Here is a question to the Blog Clinic from Susan (not her real name) who is a landlord
I am an accidental landlord of a large HMO property and currently, fire safety is of great concern to me.
Obviously, smoking is prohibited within the building but am I legally allowed to prohibit the use of candles, incense sticks and oil burners, etc (electric fires even)?
If so, can I just inform the tenants of this or would it need to have been written into the agreement to be able to enforce it? Many thanks.
You cannot take action to prohibit something (even on fire safety grounds) which is not covered by the terms of your tenancy agreement.
However just because a tenancy agreement clause does not specifically mention candles, incense sticks and oil burners, this does not mean that they are not already covered. For example, most professionally drafted tenancy agreements will have a clause relating to fire safety.
When drafting tenancy agreement clauses lawyers try to use general clauses that have as wide an application as possible. For example, say you add a clause which says
You must not use any candles, incense sticks and oil burners in the property
That would deal with your current problem but it would not cover tenants fireworks which are even more of a fire hazard. However, if you use a general clause in your tenancy agreement such as this one.
You must not keep any dangerous or flammable goods (those that easily catch fire), materials or substances in or on the Property, apart from those needed for general household use (such as matches).
Then this will cover all items which are a fire hazard, not just those you have identified.
In fact specifically giving a list of prohibited items in a tenancy agreement is a dangerous thing to do as it implies that everything else is allowed! Although lawyers overcome this problem by putting before the list words like ‘including but not limited to …’
So I would suggest that you have a detailed look at your tenancy agreement. Fire hazard items will probably be included somewhere but you may not have recognised this.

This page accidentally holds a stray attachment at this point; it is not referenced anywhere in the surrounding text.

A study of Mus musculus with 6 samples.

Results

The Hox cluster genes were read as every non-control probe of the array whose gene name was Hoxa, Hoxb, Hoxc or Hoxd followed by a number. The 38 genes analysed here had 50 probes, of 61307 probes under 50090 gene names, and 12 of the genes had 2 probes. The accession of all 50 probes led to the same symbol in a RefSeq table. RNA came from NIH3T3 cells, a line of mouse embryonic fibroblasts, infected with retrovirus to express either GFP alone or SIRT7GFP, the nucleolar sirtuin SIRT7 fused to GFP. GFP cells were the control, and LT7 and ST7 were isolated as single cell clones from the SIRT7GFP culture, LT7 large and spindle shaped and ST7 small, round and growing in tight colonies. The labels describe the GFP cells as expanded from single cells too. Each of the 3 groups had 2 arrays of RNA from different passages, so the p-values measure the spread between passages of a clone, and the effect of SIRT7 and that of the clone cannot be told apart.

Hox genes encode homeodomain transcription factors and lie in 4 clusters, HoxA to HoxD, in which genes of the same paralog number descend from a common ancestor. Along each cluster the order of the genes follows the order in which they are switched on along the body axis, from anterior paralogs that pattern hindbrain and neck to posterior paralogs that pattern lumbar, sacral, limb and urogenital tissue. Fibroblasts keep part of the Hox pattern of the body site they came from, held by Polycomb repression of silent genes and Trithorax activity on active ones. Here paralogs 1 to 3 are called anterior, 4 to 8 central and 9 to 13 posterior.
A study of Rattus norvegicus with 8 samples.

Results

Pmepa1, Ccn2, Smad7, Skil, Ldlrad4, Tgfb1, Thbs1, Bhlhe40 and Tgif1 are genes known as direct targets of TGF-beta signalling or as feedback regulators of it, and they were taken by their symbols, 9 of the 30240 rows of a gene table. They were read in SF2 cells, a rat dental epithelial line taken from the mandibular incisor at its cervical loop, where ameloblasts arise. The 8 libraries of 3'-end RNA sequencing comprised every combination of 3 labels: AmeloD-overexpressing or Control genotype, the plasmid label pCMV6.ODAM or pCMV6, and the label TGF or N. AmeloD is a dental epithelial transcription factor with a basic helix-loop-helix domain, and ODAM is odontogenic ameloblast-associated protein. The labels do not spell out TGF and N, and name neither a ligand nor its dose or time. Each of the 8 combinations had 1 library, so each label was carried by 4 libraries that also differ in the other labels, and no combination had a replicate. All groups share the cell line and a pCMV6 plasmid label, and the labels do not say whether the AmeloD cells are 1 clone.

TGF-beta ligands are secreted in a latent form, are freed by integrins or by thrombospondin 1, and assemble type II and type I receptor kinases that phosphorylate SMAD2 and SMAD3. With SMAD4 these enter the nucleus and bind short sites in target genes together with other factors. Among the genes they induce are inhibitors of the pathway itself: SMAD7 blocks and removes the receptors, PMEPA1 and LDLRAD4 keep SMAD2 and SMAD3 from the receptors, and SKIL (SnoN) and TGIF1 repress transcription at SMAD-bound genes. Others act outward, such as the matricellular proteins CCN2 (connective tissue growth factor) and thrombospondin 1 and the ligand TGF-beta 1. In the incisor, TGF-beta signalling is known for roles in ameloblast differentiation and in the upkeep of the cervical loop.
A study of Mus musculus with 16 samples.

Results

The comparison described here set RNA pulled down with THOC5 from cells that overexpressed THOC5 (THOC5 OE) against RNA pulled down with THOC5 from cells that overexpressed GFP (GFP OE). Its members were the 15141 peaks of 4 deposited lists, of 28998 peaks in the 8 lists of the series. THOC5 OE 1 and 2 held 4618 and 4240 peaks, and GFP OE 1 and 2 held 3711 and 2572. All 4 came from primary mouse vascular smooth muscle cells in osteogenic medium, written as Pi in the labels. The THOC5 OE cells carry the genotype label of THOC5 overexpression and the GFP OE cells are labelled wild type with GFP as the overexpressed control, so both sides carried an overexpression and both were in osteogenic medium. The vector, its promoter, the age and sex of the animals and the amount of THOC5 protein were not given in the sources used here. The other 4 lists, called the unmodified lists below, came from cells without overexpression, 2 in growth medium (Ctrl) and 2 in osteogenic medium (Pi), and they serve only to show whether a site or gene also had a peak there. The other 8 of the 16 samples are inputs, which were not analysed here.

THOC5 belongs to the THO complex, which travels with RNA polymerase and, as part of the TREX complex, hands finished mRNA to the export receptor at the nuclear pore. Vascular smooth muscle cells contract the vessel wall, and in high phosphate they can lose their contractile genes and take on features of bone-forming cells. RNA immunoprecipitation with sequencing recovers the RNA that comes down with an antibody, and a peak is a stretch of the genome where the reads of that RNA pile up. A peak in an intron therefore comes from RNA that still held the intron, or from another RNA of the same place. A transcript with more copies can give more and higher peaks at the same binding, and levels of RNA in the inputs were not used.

Letters and House rules
Assuming your tenancy agreement has a suitable clause relating to fire safety, then as your tenants may also not realise that candles etc are covered under it, I suggest you write to them explaining this. Your letter should
- Tell tenants what is prohibited
- Explain that these are prohibited on fire safety grounds, and
- Identify the clause in their tenancy agreement which covers this
A good way to elaborate on the general prohibitions set out in tenancy agreements is to draw up a set of ‘house rules’ for tenants which explains things in non-legal language. Just make sure that everything you include in the house rules is actually covered by your tenancy agreement.
As an HMO landlord, you have a responsibility to enforce standards as if the Local Authority find that there is a fire hazard they will normally blame you rather than the tenants.
Fire hazards, incidentally, will also include things like blocking fire exits by storing bicycles indoors. So
- On inspection visits, if you spot a fire hazard, you need to tell tenants it is not allowed
- You need to keep a record of your inspection visit which includes a note of what you have told the tenants
- You then need to follow this up with a letter or email to the tenants confirming your oral instructions
- Make sure you check, on your next inspection visit, that the problem has been resolved.
Then if you receive a visit from the authorities about this you will be able to show them your paperwork which will prove that you have done what you can about it. Which will help you avoid prosecution, or give you a defence to any prosecution brought.